Here’s an unintentionally useful essay on the origin of morality: Where Do Morals Come From?
It’s got everything from game theory to nihilism to erudite, ivory-tower ontology. It even mentions Nietzsche—if only to refute him. The conclusion:
We are all anthropologists now. What are we to do? Stay home? Go native? Be hybrid? Keane does not venture an answer to these questions.
However we answer these questions for ourselves, we cannot escape the phenomenological tension between the first-, second-, and third-person perspectives on ethical life. Some will seek refuge in the first person. They will seek to be “true to themselves,” to “listen to their inner voice,” and they will respond to challenges with a mix of apology and indignation. Others will immerse themselves in the second person. They will value loyalty to the “tribe,” and respond to “outsiders” with a mix of indifference and hostility. Still others—intellectuals, mostly—will take shelter in the third person. They will place a high value on toleration and acceptance, and they will respond to challenges with a phlegmatic aloofness. The problem is that none of us can stand still in any perspective for very long. The affordances of our minds and our languages, and the demands of social cooperation and interaction, will not permit it for long. We cannot escape ethical life. Nor can we find peace in it, either.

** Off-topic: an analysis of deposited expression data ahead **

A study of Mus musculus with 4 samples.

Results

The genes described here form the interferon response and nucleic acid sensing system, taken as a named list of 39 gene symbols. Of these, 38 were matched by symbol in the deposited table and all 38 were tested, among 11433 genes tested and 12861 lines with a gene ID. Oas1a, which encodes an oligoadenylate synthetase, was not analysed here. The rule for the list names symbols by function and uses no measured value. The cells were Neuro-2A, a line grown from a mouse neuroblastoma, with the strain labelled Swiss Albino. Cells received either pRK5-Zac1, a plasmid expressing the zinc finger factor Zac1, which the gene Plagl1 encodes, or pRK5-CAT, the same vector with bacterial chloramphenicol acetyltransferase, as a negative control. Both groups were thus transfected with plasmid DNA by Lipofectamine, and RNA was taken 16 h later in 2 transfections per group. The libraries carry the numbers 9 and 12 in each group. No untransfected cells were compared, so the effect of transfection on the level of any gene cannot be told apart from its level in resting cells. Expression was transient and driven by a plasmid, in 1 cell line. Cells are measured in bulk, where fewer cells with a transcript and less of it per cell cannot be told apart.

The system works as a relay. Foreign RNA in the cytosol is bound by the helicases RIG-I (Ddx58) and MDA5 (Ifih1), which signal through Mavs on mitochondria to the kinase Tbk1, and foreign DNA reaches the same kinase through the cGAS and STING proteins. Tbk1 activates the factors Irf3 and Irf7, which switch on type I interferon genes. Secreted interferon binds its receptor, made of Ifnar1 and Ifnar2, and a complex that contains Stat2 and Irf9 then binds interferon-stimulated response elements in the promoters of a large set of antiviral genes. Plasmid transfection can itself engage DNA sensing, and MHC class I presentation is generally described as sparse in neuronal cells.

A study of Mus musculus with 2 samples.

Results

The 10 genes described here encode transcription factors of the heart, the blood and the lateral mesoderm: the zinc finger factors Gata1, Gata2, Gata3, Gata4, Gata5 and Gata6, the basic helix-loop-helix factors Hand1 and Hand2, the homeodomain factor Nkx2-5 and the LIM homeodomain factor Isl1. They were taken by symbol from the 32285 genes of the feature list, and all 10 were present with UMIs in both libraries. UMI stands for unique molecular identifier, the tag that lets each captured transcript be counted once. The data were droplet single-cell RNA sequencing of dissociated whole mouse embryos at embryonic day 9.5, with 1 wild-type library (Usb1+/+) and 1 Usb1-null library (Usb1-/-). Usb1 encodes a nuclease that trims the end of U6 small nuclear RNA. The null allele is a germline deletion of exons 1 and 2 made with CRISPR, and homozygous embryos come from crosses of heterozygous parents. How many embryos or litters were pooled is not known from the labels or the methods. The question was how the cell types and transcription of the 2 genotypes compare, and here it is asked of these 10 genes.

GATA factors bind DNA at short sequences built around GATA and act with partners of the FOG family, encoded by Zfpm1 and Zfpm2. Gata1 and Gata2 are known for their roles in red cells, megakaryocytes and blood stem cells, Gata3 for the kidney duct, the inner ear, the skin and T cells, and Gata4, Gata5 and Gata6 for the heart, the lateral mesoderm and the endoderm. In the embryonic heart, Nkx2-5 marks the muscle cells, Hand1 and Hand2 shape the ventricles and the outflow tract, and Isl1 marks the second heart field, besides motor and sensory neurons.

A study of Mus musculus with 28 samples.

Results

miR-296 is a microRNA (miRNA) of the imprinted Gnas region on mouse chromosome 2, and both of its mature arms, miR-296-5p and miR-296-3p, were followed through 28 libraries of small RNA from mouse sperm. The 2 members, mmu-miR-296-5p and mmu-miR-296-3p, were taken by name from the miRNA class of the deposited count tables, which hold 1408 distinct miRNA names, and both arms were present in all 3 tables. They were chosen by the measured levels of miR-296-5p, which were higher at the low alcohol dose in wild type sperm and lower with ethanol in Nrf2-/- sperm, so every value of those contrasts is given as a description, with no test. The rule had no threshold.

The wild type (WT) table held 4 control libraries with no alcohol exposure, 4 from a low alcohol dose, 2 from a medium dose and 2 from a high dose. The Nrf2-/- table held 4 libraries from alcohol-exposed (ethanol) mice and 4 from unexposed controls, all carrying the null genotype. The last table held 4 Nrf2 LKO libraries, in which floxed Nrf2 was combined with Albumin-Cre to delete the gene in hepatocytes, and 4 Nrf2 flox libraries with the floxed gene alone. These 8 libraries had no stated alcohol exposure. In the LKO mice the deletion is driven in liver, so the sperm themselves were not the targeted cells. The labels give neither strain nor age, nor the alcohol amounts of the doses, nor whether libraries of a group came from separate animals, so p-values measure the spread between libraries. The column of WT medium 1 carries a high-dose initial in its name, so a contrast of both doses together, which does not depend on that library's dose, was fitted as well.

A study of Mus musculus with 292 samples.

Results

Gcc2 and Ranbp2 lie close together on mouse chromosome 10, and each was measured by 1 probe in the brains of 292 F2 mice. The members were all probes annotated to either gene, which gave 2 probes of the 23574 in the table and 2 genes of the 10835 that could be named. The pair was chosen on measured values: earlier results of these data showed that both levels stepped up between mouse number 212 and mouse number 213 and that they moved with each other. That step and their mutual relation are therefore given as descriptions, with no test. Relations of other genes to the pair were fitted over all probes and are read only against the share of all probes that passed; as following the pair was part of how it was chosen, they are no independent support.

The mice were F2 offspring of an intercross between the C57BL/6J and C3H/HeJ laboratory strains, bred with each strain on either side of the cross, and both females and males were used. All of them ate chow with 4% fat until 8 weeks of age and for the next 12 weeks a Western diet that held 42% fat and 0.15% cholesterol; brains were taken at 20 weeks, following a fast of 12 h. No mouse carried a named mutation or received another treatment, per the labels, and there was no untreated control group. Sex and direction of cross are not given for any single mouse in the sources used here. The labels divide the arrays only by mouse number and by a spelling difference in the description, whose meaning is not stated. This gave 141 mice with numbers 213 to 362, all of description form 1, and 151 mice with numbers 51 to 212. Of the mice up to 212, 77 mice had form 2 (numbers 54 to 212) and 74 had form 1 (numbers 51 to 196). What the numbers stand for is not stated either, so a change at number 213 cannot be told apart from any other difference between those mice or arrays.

What is an ethical life: this life we can neither escape nor rest in? The best attempt at an answer that I can recall comes from Derrick Jensen, who wrote that morality should be based on water: whatever leads to more potable water for future generations of humans and non-humans is “good.” That answer is simple (and as was written above the blackboard in my World Cultures class in high school: “For every complex problem there is a solution that is simple, ready, and wrong,” or something like that). But so, too, are all the other just-as-wrong answers, and at least it doesn’t require page upon page of postmodern, snake-eating-its-own-tail “reasoning.”